2.1 The main challenges
Reading textbooks and other academic and specialist sources can be difficult for a range of reasons. In the following activity, you will consider the main challenges.
Think back to any long or complex texts you have read in the past. Your experiences may be from your school years or you may have read non-fiction books or long newspaper articles. What difficulties did you encounter? Did you develop any strategies to help you read such texts? Make some notes in the box below and then compare your experiences with those reported below.
Below is a list of some common reading difficulties experienced by some people when reading academic texts.
- I’m used to reading short pieces of writing. When I read long texts, I fall asleep.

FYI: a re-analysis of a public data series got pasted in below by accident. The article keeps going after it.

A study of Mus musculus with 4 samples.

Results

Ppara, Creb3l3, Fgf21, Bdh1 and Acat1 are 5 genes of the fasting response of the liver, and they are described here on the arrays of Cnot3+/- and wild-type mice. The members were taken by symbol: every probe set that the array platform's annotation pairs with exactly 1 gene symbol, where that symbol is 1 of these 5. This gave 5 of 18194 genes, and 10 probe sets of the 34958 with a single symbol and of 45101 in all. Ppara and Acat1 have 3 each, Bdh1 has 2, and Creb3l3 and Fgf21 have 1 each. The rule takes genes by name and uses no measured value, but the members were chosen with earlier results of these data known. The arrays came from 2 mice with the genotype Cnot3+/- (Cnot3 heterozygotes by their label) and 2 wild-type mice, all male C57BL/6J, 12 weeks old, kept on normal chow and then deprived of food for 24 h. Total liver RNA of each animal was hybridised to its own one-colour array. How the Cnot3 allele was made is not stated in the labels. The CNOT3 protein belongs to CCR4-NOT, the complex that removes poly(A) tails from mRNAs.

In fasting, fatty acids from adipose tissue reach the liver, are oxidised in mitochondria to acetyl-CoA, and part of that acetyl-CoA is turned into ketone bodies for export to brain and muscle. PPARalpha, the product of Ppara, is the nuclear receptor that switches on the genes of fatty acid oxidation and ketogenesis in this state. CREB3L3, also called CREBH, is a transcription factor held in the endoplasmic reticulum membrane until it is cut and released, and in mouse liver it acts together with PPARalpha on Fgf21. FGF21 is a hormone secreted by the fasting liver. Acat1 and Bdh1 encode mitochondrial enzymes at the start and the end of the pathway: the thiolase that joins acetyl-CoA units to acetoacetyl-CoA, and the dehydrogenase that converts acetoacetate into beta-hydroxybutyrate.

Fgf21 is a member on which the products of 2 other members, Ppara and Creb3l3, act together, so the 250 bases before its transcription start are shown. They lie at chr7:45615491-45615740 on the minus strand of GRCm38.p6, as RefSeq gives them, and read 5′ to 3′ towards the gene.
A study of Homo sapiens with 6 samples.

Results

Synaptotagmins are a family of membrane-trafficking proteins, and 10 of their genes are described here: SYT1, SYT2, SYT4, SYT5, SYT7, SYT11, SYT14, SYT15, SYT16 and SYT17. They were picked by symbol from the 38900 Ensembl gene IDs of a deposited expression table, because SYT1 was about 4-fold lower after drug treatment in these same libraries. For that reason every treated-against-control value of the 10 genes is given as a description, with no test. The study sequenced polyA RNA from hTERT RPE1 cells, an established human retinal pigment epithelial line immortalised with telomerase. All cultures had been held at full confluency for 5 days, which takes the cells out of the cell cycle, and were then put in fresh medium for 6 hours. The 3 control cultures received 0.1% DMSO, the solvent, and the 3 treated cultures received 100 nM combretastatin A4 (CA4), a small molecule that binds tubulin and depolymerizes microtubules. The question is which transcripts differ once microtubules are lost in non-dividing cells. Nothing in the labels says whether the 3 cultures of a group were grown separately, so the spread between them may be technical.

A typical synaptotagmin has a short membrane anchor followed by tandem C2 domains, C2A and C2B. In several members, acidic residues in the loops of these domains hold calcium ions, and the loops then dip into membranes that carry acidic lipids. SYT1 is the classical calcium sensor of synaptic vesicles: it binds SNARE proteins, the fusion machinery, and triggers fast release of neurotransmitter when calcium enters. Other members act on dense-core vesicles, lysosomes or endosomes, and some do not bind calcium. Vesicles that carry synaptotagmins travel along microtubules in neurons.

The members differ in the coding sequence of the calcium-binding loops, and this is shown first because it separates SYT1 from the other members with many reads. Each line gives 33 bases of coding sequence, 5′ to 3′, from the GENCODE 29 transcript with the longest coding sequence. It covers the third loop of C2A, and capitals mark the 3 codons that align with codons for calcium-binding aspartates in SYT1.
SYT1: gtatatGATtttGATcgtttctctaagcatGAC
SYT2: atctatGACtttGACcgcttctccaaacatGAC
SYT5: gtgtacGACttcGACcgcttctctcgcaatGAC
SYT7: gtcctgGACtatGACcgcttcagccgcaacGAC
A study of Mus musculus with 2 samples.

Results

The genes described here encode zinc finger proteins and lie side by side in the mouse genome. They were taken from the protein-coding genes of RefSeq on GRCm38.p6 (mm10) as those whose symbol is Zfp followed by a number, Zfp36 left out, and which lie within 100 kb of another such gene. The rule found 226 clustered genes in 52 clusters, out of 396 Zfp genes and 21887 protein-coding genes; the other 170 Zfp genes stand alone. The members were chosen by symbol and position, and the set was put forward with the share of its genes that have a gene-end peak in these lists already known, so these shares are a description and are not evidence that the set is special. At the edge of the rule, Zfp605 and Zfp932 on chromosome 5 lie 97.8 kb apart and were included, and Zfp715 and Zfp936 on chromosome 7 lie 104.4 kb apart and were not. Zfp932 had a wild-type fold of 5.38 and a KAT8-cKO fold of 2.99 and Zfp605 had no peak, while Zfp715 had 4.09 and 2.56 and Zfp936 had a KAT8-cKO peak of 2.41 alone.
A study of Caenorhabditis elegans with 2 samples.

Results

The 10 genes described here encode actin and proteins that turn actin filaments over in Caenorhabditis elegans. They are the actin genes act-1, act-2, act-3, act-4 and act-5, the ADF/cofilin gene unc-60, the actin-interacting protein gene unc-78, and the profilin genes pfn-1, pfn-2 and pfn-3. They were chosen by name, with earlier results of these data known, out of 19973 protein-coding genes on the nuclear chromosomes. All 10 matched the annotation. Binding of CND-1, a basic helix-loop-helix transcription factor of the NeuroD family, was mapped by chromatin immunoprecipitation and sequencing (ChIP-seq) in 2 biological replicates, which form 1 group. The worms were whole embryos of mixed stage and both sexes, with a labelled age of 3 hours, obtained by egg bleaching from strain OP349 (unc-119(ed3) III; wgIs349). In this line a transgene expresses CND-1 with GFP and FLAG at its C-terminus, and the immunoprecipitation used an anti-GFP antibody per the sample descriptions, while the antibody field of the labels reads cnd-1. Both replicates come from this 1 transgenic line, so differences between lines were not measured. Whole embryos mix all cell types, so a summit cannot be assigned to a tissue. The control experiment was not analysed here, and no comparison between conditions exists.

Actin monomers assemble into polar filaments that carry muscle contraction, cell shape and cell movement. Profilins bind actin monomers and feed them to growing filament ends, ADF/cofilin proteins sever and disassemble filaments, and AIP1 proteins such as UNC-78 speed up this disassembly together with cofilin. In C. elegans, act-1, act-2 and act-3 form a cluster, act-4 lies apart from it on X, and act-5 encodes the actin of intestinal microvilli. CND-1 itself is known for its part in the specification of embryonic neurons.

- I read textbooks over and over to retain the information. It takes a lot of time and I still find it very difficult to remember what I read.
- I find reading difficult and I often lose concentration.
- I’m used to reading newspapers, but academic texts are harder to read. They are organised differently and contain many difficult words.
- English is not my first language, so I have to spend a long time looking up many words in the dictionary.
- Even if I understand every word, I sometimes don’t understand the
conceptsexplained in the books I read.
- I try to take notes but I'm really lazy at ‘proper’ note taking – I don’t find it works for me as I never go back and read them.
- There is so much to read. I get lost and don’t know where to start.
You may have experienced similar difficulties. You may also have found ways to help you cope.
Academic and specialist texts may take longer to read than the texts you read every day and may contain a great deal of information about unfamiliar topics. They may also be structured differently from the texts you normally read. Therefore engaging with pieces of extended writing can be challenging unless you employ useful strategies. The next few activities will help you discover strategies to make reading easier.